America's biopharmaceutical sector is, by any reasonable measure, the world's most innovative and productive. The industry today has more than 3,400 drugs under clinical development, including many that are firsts of their kind. Because this research and development (R&D) pipeline is so robust, the U.S. Food and Drug Administration in the last decade-and-a-half has been able to approve more than 500 new medicines, providing new and better treatments for a wide variety of diseases. The industry also stands as a source of economic strength and competitive advantage for the United States, producing nearly $100 billion in value added and more than $50 billion in exports annually while supporting some 3.4 million jobs.
But this once-happy political consensus is now under assault from left-wing populists and right-wing libertarians who, each for their own reasons, object to both the public-private policy framework and the results it produces. Against the backdrop of a vitriolic political campaign year — where purple language of a different sort tends to color policy debates — it is important to take stock of each camp's arguments and consider what they could portend for future biomedical innovation.
Many on the left have long voiced concerns about drug prices, but a number of influential think tanks now argue it is time for decisive measures to shrink the role of private industry and expand the role of government. Led by fountainheads of left-leaning policy thought such as the Center for American Progress, the Economic Policy Institute and the Center for Economic and Policy Research — and championed most prominently on the presidential hustings by Sen. Bernie SandersBernie SandersTrump: Clinton's VP pick 'VERY disrespectful' to Sanders, supporters Protesters prepare to flood Philadelphia for convention Walker jabs at Kasich for snubbing GOP convention MORE (I-Vt.) — these groups variously advocate not just for price controls on drugs, but also weaker patent protections and shorter terms of intellectual property protection for clinical test data.
Meanwhile, a vocal band on the libertarian right insists it is the government role in biomedical innovation that ought to shrink and the industry role that should expand. Motivated by antigovernment zeal and an overarching focus on fiscal discipline, this group — represented by the likes of the libertarian Cato Institute and the conservative Heritage Foundation, and given voice by elected officials such as Sen. Rand PaulRand PaulWhat to watch for on Day 2 at the GOP convention Cyber squatters sitting on valuable VP web addresses Majority of GOP senators to attend Trump convention MORE (R-Ky.) — alternately discounts the legitimacy and efficacy of federal investments in life science research, and argues that the private sector can and should do most of the work.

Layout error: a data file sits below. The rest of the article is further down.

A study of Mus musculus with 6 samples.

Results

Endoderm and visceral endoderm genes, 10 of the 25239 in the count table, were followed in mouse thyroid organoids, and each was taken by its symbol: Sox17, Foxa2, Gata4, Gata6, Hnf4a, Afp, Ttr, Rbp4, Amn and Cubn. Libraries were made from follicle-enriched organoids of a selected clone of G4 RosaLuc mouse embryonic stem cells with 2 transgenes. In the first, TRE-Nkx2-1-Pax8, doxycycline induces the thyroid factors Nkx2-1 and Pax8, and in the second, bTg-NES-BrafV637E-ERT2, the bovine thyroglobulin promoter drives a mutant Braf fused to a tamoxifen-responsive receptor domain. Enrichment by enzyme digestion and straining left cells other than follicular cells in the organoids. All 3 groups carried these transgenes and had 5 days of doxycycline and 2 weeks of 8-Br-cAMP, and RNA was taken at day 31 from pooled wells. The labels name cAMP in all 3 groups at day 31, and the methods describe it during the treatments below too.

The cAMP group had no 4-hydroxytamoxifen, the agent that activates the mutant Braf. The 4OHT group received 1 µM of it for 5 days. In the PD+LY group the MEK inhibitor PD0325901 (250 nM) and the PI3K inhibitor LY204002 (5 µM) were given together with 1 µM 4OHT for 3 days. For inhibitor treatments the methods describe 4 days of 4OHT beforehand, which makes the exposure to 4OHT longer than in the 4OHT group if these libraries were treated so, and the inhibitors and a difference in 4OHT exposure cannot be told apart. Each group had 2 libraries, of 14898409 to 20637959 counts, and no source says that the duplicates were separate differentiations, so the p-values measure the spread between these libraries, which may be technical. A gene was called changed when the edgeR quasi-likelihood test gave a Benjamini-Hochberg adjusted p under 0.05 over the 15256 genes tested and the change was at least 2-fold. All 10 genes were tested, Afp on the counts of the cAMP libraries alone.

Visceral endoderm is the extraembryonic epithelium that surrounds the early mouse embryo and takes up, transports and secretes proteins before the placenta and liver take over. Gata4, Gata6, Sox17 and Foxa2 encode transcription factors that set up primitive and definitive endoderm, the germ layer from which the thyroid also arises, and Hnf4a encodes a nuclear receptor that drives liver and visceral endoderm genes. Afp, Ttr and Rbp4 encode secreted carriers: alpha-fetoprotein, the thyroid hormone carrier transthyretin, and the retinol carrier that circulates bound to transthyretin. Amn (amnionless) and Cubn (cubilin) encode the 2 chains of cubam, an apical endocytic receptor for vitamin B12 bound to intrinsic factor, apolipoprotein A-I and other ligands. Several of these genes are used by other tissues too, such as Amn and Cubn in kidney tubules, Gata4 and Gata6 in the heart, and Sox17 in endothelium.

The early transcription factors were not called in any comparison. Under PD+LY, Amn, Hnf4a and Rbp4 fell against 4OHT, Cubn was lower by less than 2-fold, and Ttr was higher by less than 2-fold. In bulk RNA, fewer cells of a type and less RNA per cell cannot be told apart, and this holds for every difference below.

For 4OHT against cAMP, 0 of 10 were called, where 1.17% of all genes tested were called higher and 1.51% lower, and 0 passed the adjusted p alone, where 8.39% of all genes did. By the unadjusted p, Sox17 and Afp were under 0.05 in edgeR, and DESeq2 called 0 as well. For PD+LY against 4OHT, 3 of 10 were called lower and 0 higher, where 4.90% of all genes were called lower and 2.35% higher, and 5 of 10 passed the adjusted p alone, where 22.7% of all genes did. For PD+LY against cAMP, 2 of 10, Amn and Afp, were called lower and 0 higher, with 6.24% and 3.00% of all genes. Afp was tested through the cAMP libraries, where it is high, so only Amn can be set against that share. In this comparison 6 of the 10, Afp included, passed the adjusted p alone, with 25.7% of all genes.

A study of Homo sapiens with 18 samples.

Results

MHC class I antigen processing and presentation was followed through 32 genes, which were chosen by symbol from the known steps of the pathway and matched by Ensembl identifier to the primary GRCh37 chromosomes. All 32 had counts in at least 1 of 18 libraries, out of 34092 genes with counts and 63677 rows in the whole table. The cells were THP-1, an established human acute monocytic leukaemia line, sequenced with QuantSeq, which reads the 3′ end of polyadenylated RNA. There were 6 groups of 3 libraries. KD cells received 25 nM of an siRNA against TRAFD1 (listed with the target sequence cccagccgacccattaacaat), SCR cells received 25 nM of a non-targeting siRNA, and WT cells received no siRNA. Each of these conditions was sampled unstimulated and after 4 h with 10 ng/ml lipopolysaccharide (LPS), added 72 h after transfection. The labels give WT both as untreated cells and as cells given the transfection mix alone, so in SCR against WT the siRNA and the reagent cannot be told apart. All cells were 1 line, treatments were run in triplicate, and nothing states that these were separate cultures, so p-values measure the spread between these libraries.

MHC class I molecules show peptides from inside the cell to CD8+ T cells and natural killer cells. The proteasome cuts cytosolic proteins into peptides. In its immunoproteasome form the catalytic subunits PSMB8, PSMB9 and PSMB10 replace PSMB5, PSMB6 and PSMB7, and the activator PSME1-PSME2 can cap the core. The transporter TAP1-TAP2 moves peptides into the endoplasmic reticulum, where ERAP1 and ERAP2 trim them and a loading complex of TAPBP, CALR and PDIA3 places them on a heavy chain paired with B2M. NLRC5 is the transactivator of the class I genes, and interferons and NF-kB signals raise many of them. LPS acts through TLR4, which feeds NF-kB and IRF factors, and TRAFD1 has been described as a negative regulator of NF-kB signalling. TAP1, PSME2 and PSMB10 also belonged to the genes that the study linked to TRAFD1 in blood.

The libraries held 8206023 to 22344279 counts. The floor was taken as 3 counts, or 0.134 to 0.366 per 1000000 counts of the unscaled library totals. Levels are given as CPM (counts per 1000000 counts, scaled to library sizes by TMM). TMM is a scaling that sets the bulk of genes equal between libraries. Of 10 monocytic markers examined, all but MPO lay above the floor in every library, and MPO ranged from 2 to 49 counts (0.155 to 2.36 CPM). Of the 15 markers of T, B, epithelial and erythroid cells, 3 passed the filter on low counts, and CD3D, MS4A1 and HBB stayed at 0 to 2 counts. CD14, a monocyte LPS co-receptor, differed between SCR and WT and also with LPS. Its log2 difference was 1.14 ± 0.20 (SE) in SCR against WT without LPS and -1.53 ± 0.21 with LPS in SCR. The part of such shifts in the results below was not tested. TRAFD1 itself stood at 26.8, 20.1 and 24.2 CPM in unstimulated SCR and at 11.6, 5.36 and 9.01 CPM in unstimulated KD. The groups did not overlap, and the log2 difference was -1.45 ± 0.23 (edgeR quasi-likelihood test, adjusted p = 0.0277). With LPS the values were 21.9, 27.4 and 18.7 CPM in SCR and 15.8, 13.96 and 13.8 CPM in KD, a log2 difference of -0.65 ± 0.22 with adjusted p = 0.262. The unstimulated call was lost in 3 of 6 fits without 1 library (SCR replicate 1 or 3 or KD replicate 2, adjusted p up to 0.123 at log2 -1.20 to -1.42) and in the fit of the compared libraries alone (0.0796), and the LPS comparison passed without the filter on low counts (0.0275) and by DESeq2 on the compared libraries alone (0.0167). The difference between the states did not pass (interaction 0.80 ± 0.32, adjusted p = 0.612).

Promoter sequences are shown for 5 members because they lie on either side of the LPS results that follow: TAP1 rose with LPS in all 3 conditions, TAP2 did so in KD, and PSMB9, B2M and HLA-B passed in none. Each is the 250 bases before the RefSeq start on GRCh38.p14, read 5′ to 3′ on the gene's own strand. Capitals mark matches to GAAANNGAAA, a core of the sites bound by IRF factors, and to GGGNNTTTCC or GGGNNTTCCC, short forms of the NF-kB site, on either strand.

The indictments that these two camps level against the country's existing public-private model for biomedical innovation hinge on a few common points of contention. Take investment priorities. The populist left argues that industry, motivated by capitalist greed, invests mostly in drugs that can pay off with big profits, disregarding the cures that people need most. A weighty body of evidence may conclude that market incentives produce far more beneficial outcomes than critics contend, but never mind. The libertarian side meanwhile counters that government, guided by mindless bureaucracy, has neither the qualifications nor the incentive to allocate public resources sensibly. This ignores the fact that the National Institutes of Health (NIH) funds university research based on peer review by leading scientists in the sub-disciplines involved, but, well, never mind.
Another bone of contention is waste. Populists argue that industry pours too much money into advertising its drugs — meaning profits runneth over and prices could easily stand to be cut. In reality, industry devotes just 1.4 percent of sales to consumer advertising. Libertarians, meanwhile, see absurdity in federal research funds going to everything from the effects of alcohol on monkeys to the impact of massage on muscle health. In reality, alcoholism is a major public health concern, and there are gaps in medical science on how muscles respond to pressure at the molecular level.
Point by point, close inspection reveals the prevailing arguments on both sides are fundamentally flawed. Nonetheless, appraising the system as a whole, left-leaning populists contend government should take the lead in discovering and developing new drugs and private industry should be hemmed in, while right-leaning libertarians argue industry should lead and government ought to spend less taxpayer money on research.
Can the U.S. system be improved? Certainly — but by building on its record of success, not by tearing up its existing framework in favor of an all-public or all-private model. In fact, NIH funding needs to be ratcheted up. (It is now significantly below what it was as a share of the economy in the mid-2000s.) And industry needs to find ways to ratchet down the costs of discovering and developing new drugs, perhaps through more cooperative research models that focus on particular types of diseases. Congress also could make the U.S. tax code more supportive of high-risk research and development by expanding the R&D tax credit and by instituting an "innovation box" that lowers the corporate tax rate on profits derived from intellectual property.
But policymakers should reject the false choice between public-sector leadership and private-sector leadership. America leads the world because its system maximizes the strengths of both.
Atkinson is the founder and president of the Information Technology and Innovation Foundation (ITIF), a think tank focusing on the intersection of technological innovation and public policy. Follow him on Twitter @RobAtkinsonITIF.